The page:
By Rabbi Moshe Bloom
Torah VeHa’aretz Institute
“And Moses instructed them as follows: Every seventh year, the year set for remission, at the Feast of Booths, when all Israel comes to appear before the L-rd your G-d in the place that He will choose, you shall recite this teaching aloud in the presence of all of Israel. Gather the people — men, women, children …” (Devarim 31:10–12)
I’m going to paint an idyllic picture: The Shemittah year is just over. The fruit harvest, which in other years is a major, joyous event, this time is a modest occasion, since it is forbidden to engage in large-scale harvest “in the way of the harvesters.” The fruit is ownerless, in any case. If every year Chag HaAsif, Sukkot, the Festival of Harvest, is thus called because of the harvest of fruit, the joyous conclusion of a successful agricultural year, this year the holiday bears a different significance. This year, too, there is a harvest; however, the fruits are not material but spiritual — they are the fruits of the Shemittah year, where the farmers tend to their spiritual fields and vineyards.
The climax of the Shemittah year comes precisely at this moment. While the Shemittah-related prohibitions are no longer in effect with the arrival of the New Year, the trees and storehouses are full of fruits imbued with Shemittah sanctity. This is the time — not during Shemittah itself, as explained by Chazal (and the understanding of the structure of the agricultural year, culminating with Chag HaAsif supports this) — when the mitzvah of the Hakhel ceremony is held.
Hakhel is held at the Beit HaMikdash, in the Women’s Courtyard, and it is attended by the entire Jewish people. This mitzvah is so fundamental, that women are not exempt (as they are from most time-bound mitzvot), and parents are even charged with bringing their babies. It is with good reason that the Rambam (Hilchot Chagigah 3:6) views this ceremony as a reenactment of the Giving of the Torah.
Hakhel—The Spiritual Preparation For The Six Years Of Work
Surprisingly, the ba’al kriah is not a religious leader, the high priest, a prophet, or president of the Sanhedrin but rather the king. It seems that the ba’al kriah’s identity highlights the goal of this unique mitzvah, which is not to teach halachot (naturally, a mass gathering is not the ideal forum to understand halachic intricacies). The goal, instead, is to relive the Giving of the Torah at Sinai.
After the Shemittah break, when the Jewish people have been elevated a few inches above the ground, we prepare to engage in our primary job in this world: to reveal G-dliness in everything, even in the most material and earthly. This is why the ba’al kriah is the king and not a religious leader who is immersed in Torah study and sanctity all day. The goal here, instead, is to root the entire nation in sanctity. There is no one more suitable for this job than the king.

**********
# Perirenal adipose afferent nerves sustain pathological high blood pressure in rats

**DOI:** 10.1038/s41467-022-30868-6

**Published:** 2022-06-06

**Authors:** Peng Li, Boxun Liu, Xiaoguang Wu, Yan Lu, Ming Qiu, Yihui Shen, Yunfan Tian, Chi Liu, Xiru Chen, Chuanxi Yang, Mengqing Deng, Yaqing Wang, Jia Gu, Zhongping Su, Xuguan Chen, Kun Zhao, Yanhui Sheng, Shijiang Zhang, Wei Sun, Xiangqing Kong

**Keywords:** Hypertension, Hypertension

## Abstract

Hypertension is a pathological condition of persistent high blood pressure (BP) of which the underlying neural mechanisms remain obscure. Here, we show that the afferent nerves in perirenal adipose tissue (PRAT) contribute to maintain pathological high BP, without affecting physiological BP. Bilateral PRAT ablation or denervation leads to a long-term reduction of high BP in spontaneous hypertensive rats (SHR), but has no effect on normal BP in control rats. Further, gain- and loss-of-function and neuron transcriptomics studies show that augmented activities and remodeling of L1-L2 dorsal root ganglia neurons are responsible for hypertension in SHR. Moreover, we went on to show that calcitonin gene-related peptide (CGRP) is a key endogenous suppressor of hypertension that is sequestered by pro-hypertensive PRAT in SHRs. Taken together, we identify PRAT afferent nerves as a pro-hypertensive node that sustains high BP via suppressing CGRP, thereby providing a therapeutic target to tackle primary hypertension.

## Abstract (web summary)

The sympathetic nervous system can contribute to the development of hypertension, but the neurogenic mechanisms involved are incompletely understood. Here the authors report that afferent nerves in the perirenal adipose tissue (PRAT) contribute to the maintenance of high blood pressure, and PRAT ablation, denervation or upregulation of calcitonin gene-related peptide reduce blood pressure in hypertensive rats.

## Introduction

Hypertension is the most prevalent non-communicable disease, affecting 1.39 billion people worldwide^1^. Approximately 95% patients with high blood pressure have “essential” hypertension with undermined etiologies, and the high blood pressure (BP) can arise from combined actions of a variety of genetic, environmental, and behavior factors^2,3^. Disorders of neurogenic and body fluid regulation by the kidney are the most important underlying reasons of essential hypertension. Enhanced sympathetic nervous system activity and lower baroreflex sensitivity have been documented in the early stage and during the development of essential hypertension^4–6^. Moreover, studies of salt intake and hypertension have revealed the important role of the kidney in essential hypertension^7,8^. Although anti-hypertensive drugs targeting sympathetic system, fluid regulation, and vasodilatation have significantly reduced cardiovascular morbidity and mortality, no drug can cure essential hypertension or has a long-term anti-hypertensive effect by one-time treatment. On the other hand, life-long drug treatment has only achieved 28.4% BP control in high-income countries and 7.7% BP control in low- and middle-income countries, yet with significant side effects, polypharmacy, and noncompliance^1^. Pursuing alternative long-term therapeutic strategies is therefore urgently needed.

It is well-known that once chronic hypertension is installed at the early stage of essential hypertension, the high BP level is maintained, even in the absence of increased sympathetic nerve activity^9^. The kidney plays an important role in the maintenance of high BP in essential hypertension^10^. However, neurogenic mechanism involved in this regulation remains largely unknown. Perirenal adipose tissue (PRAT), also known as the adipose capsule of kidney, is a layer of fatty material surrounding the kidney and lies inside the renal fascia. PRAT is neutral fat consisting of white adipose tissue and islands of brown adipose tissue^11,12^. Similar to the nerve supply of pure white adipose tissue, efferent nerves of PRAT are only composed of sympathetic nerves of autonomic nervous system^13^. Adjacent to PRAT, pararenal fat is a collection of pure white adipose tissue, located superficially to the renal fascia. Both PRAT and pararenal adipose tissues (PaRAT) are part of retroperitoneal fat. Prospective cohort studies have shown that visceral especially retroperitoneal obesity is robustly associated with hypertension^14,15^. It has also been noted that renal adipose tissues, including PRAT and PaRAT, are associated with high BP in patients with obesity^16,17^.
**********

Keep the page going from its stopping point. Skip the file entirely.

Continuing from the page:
If we are speaking about a king from the House of David, he runs the ceremony while seated on the bimah in the Azarah (main courtyard). Only kings from the House of David can sit in the Azarah. Even the high priest is not allowed to sit there. A ceremony resembling Hakhel is held every year on Yom Kippur in the Azarah, run by the high priest, who reads from the Torah while standing. Sitting is an expression of making oneself “at home.” Indeed, a king who diligently fulfills his duties is the chief executive officer responsible for making G-d’s Name known throughout the world, the purpose for which the world was created. Who is more fit than he to express this concept?
While this is true of every Jew, the king, an expression of the Jewish People, manifests this idea in its most perfect form. The Beit HaMikdash is likened to a neck: “As the Tower of David is your neck, built to hold weapons” (Shir HaShirim 4:4). The neck connects the head to the body, and the Beit HaMikdash connects heaven and earth, making it the perfect venue for this unique ceremony.
Hakhel is not held today, not even mi’d’rabbanan. The poskim cite several reasons for this, with the common denominator being what we sorely miss today: there is no Beit HaMikdash, most Jews do not live in the Land of Israel, and we lack a king (here perhaps a government official could take his place). In any case, the Acharonim (the first being the Aderet, rabbi of Jerusalem) encouraged the custom of the Hakhel commemoration ceremony to reenact the glorious Hakhel that took place in Temple times, with the anticipation for its full reinstatement speedily, in our days.
“And so, too, Hashem, grant honor to your people … gladness to Your land and gladness to your city; flourishing pride to David your servant, and preparation of a lamp for the son of Jesse, Your anointed, speedily in our days” (the addition to the Kedushat Hashem blessing said during the Days of Awe).
“As so that the sanctity will be properly strengthened, it is necessary that the People of Israel live in the Land of Israel, since they are the Chosen People, and it is the Chosen Land, and over the People of Israel will rule a king from the House of David, who is the Chosen King, through whom all of Israel are bound up in the bond of sanctity. If one of these conditions is missing the sanctity cannot be properly strengthened, which is why this is the order of our prayers” (Ma’amar HaChochmah, Ramchal).
Rabbi Moshe Bloom is head of the English department of Torah VeHa’aretz Institute. Torah VeHa’aretz Institute (the Institute for Torah and the Land of Israel) engages in research, public education, and the application of contemporary halachic issues that come to the fore in the bond between Torah and the Land of Israel today. For additional information and inquiries, email firstname.lastname@example.org or call 972-8-684-7325.